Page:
Hurricane Ivan moved northeast across Pensacola from south Baldwin County, Alabama in the early morning hours of September 15, 2004. The major hurricane carried 130 mph winds and a storm surge of 10 to 15 feet. Many area roads and bridges were damaged, most significantly the Escambia Bay Bridges of Interstate 10. The following lists some of the roads and spans affected by the storm.
Interstate 10 Bridge Closure
Storm surge toppled, or shifted out of alignment, significant segments of the Escambia Bay Bridge. The 2.5-mile crossing represents the main link between Escambia and Santa Rosa Counties and a vital cross-country route between California and Florida. Closure of the bridge required the following detours:
- Non-local commercial traffic detour: From Interstate 10 east of Pensacola take Exit 70 (Florida 285) northward to U.S. Highway 90. Truck traffic will proceed west on U.S. Highway 90, then go west on Florida 4 to U.S. Highway 29 North at Flomaton. Take U.S. 29 to Alabama 113 to access Interstate 65 southbound. Interstate 65 will carry trucks southwest to Mobile, Alabama and junction Interstate 10. Reverse the procedure for Interstate 10 eastbound
- Local commercial traffic and general public detour: From Interstate 10 east take Exit 5 (U.S. 90 Alternate) onto Nine Mile Road east. Nine Mile Road travels north of Pensacola to U.S. 90 (Scenic Highway) just west of the Escambia River. Continue from U.S. 90 Alternate east onto U.S. 90 east to junction Florida 281. At Florida 281 (Avalon Boulevard) in Pea Ridge, turn southward to rejoin Interstate 10 at Exit 22. Reverse the order for Interstate 10 westbound.
The westbound bridge was quickly repaired and reopened with one lane of traffic in each direction on October 5, 2004. Emergency work continued on the eastbound bridge until it opened on November 27, 2004 with a single lane of traffic; the westbound span then carried two lanes, but with a restriction on passing.
A January of 2005 announcement by FDOT awarded a contract to a design-build team for the construction of replacement spans. Construction commenced immediately thereafter on a new four-lane span to carry two lanes of Interstate 10 in each direction. That crossing opened on December 19, 2006, replacing both original bridges. See the Escambia Bay Bridge Guide for photos and more in depth information on the construction.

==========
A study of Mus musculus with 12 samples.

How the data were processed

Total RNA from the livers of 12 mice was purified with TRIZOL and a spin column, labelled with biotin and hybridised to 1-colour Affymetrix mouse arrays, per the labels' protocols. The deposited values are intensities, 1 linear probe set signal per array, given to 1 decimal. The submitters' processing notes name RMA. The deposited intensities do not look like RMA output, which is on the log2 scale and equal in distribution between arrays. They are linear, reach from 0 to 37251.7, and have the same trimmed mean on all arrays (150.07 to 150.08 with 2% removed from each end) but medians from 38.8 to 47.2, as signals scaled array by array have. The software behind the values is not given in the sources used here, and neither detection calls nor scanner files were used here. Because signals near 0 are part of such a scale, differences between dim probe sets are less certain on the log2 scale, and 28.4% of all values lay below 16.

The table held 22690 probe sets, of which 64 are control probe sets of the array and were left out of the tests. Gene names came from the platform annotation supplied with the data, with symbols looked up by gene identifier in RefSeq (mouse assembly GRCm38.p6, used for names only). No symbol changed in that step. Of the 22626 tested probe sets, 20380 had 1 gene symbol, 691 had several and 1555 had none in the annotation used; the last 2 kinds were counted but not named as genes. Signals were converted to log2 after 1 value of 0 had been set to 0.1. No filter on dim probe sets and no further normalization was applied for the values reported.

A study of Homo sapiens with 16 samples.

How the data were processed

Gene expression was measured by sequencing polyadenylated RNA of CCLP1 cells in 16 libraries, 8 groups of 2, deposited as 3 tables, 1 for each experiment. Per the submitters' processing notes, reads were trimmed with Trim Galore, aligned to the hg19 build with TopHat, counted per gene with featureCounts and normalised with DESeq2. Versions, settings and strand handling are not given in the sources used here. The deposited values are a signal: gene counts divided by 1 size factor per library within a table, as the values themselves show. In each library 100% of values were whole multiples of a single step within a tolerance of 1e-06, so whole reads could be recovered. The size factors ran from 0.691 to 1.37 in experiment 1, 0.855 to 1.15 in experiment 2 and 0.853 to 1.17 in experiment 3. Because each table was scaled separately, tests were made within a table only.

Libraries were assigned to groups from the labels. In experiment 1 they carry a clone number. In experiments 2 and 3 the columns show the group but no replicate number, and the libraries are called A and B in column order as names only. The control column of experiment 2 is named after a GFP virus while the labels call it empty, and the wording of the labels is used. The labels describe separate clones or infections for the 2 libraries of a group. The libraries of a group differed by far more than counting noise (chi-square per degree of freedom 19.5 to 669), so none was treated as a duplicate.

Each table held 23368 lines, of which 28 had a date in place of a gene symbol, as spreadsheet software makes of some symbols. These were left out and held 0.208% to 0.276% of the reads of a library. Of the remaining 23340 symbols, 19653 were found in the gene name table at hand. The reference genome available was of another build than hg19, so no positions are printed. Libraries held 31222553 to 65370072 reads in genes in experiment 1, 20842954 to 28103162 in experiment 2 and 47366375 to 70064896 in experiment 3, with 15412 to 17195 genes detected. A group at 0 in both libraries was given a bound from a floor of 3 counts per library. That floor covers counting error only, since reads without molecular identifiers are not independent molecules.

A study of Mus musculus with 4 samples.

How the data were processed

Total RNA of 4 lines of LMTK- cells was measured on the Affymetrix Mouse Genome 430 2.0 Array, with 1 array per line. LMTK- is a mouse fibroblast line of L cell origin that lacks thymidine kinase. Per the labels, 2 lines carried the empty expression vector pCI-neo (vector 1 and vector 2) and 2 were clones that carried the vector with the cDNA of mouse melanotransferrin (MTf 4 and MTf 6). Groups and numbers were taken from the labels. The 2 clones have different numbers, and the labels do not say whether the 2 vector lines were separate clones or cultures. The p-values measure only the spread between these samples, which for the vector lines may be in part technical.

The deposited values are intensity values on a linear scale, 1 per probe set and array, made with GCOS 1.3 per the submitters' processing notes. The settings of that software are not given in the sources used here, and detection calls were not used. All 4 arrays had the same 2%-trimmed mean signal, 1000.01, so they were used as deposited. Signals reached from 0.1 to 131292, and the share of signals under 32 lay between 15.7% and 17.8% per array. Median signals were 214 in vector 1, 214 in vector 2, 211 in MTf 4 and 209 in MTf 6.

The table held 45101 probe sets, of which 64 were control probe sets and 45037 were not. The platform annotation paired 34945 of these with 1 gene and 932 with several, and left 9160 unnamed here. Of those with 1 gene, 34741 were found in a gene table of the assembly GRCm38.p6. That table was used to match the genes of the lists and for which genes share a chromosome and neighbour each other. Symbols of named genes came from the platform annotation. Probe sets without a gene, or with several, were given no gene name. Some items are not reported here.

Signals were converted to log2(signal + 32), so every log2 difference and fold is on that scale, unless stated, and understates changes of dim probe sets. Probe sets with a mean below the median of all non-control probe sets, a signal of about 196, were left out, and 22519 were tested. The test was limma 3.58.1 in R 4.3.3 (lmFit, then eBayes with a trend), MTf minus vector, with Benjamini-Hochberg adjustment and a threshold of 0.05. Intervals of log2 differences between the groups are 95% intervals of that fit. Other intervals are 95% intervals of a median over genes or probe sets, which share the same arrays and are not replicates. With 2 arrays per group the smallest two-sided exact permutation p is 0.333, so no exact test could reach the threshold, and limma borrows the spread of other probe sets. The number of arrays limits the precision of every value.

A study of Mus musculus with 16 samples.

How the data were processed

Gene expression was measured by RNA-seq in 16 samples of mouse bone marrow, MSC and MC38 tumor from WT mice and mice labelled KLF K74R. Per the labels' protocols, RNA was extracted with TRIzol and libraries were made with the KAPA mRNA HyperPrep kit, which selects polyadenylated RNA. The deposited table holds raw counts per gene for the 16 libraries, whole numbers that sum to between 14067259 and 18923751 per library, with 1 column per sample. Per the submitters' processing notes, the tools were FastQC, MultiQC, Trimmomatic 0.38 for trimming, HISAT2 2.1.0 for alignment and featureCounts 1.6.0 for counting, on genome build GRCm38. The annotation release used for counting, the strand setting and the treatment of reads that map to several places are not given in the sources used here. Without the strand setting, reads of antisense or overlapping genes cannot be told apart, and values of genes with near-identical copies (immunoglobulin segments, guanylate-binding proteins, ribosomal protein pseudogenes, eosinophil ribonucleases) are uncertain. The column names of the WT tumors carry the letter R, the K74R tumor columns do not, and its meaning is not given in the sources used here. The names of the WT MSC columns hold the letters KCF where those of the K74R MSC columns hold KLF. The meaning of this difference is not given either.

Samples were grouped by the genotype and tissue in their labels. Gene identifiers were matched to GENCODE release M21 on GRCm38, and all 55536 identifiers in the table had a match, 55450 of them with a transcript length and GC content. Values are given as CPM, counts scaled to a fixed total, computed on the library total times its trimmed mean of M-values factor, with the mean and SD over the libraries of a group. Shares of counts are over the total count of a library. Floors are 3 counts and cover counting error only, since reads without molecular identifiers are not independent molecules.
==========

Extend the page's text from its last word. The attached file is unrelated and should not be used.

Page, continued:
Other Roads Damaged by Hurricane Ivan
- Bob Sikes Bridge (Santa Rosa County 399)
30 feet of the bridge was destroyed in addition to the approaches. The span opened September 22, 2004 for Pensacola Beach residents only. Residents were required to have an official beach decal on their vehicle to cross.
- Navarre Beach Causeway (Santa Rosa County 399)
Significant structural damage was done to the crossing and it remained closed until November 3, 2004. Pedestrian traffic however was permitted across the span.
- U.S. 98 Pensacola Bay Bridge
The three mile long span was closed as storm surge erosion displaced the approaches. The span opened September 21, 2004 to residents and emergency crews. Fishing piers to the east of U.S. 98 were damaged beyond repair and were dismantled completely by 2011.
- Florida Toll 281 (Garcon Point Bridge)
Some structural damage was done to the two-lane span and reopening occurred on September 22, 2004. Tolls on the span were suspended to aid hurricane recovery efforts and allow emergency vehicles greater access to impacted areas. They were re-instituted in November 2004 to $3.00 per passenger vehicle.
- U.S. 98 Lillian Highway Bridge
The span was closed because of structural damage on the Alabama side of Perdido Bay and flooding on the Escambia County side. As of October 5, 2004, all of U.S. 98 between the Alabama state line and Bay County was opened to traffic. Work to restore the highway to four lanes between Fort Walton Beach and Destin took another 120 days.
- U.S. 90 Escambia River causeway
Hurricane debris and damage rendered the eastbound carriageway of U.S. 90 impassable. The westbound direction accommodated one lane of traffic in each direction until closure and repairs on September 21 and 22, 2004 saw the four-lane causeway completely reopened.
- Florida 292 Perdido Key Bridge / Perdido Key Road
The span and roadway was closed due to flooding and structural damage and only open to emergency personnel. Shuttle service was made available for area residents. Repair work on the highway continued until late January 2005.
- Florida 196 (Bayfront Parkway)
The eastbound side of the divided highway was washed out by storm surge. Reconstruction of the roadway was completed by the end of December 2004. Rep. Holly Benson, R-Pensacola touted opening Florida 196 as a two-lane facility with bike paths, but she could not garner enough support and the roadway reopened as a four-lane facility.
- Main Street (Florida 196)
Flooding and debris covered the downtown area thoroughfare.
- Florida 291 (Davis Highway)
Debris and downed power lines down on the road. The highway was reopened on 09-17-04.
- U.S. 98 in Santa Rosa County
U.S. 98 from the Okaloosa County line to Gulf Breeze was reopened as of 09-17-04.
- Florida 87
State Road 87 reopened on 09-17-04.
Access to Navarre Beach, Pensacola Beach, and Perdido Key was prohibited. After clean-up was completed, FDOT expanded the southern terminus with U.S. 98 to include a new intersection midway between the diagonal ramps.